1. End with the beginning in mind. What were you hired to do? Go back to your original job description and assess if you completed the tasks for which you were hired. It is perfectly normal for some of the objectives to have changed, but in general, the "big picture" reason you were hired is still valid usually. By reminding yourself of your "higher purpose," you can ensure that you are on track during your last days at work.
2. Add to the company's talent portfolio. Now that you are reminded of your job description, ask yourself, "Was I a good investment for the company?" Hiring is always an investment for an organization. The contributions may be made via training time, mentorship, distraction from everyday duties and/or monetary compensation, but all hiring uses valuable resources. The true test of any hire is if that investment paid off. By reviewing your work and overall impact, you can verify if you were a "gain" for the company or a "loss." If you are unsure or think you may be viewed less than positively, use your remaining time to change that viewpoint with high quality work.
3. Avoid drive-by relationships. The most successful professionals build long-term relationships. Figuratively speaking, they get out of the car, walk to the door, thank you for your assistance and ask how you are doing. The "drive-by" contact is more likely to call you when she needs something, get what she came for and then drive away. Set the foundation for long-term relationships by actively listening to the details and needs of others and then noting those needs for future use. When you see an opportunity to help a colleague, seize the chance. In return, when you need a favor, most likely your colleagues will return the courtesy. It can be as simple as offering to pick up a favorite type of snack on your Starbucks's run or bantering about college sports with an interested co-worker. The little things make a big impact and leave a positive lasting impression.
4. Connect using LinkedIn. LinkedIn is the platform for today's business networking. First, make sure you have a professional and flawless profile that includes this summer's position. Next, send LinkedIn invites to colleagues, mentors and supervisors. Once you are connected via LinkedIn, you can also request recommendations if appropriate. A tip to getting these is to create a sample recommendation and then include the sample with your request. You will always get more responses when someone can modify an existing recommendation versus having to create one from scratch.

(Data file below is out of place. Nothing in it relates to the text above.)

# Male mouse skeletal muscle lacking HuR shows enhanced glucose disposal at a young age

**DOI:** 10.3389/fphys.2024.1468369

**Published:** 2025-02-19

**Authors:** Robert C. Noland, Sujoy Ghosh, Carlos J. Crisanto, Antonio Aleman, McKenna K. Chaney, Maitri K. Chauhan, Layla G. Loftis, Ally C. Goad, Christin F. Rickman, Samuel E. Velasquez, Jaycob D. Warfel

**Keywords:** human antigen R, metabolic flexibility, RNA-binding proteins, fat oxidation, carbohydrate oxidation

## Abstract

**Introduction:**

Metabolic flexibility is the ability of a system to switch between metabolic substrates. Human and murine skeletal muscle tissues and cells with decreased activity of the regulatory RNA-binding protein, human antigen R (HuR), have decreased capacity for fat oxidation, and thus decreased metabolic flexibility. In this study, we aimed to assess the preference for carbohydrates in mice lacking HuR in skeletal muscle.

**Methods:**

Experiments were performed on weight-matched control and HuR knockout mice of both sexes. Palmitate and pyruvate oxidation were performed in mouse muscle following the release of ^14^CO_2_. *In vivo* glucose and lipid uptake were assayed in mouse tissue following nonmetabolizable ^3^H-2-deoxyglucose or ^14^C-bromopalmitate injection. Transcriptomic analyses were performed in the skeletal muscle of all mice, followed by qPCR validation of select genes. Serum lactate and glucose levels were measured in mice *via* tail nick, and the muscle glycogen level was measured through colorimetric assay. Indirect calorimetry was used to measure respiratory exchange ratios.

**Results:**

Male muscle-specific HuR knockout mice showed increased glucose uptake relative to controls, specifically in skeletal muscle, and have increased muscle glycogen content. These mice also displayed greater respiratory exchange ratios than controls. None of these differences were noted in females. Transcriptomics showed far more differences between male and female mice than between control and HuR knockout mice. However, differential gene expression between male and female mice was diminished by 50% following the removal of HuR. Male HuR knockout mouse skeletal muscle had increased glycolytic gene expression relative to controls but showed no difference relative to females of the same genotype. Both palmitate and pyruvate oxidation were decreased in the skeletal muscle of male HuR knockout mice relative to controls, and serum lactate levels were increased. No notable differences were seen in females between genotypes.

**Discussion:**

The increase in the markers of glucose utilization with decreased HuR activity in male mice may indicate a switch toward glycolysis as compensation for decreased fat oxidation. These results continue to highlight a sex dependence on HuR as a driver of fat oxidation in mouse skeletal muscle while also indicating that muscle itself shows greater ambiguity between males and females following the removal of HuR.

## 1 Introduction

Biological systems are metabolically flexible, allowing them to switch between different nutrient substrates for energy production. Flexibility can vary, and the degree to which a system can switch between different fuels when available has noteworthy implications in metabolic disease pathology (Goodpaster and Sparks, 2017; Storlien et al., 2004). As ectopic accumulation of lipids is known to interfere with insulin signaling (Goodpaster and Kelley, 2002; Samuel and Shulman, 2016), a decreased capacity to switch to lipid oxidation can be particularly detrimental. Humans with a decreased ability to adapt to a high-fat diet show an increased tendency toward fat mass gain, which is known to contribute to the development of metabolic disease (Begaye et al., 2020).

5. Don't ask to be Facebook friends. LinkedIn is for professional networking. Facebook is for personal contacts and family. Most likely, while still in college, those two worlds should not mix.
6. Update your résumé. The best time to update your résumé is when your current work is fresh in your mind. Leverage the professional contacts around you at work by asking for their advice as to what you should include regarding your summer work. You will learn how they describe you as well as what things they view as most relevant professionally. If willing, you can also ask if a contact or two will give you advice on your résumé overall. Yes, it can be embarrassing to have someone review your résumé – but better to learn from people who already know and like you then to try out this very important document on a prospective future hiring authority.
7. Say thank you and goodbye. Take the time to personally say thank you and goodbye to all those with whom you interacted this summer. The emphasis is on all those with whom you interacted, and not just those whom you "worked for." Opportunities can come from some of the most unlikely places. It may be Vicky from the sales department who requests that you interview for a future position (she was so impressed with your witty hallway banter), even though you worked for Stan in accounting last summer (he now has no hiring budget). Additionally, a well-written thank-you note sent after you complete your work leaves a great impression.
Finding a summer internship or job is an accomplishment in itself. Don't let your efforts go to waste with a lackluster completion of your position. With these seven steps, you are sure to head back to school with the foundation set for future opportunities.
Robin Reshwan is the Founder of Collegial Services, a consulting/staffing firm that connects college students, recent graduates and the organizations that hire them and a certified Women's Business Enterprise (WBE). She has interviewed, placed and hired thousands of people across a broad spectrum of companies and industries. Her career tips and advice are used by universities, national clubs/associations and businesses. A Certified Professional Résumé Writer, Robin has been honored as a Professional Business Woman of the Year by the American Business Women's Association. She graduated Phi Beta Kappa and as a Regents Scholar from University of California, Davis.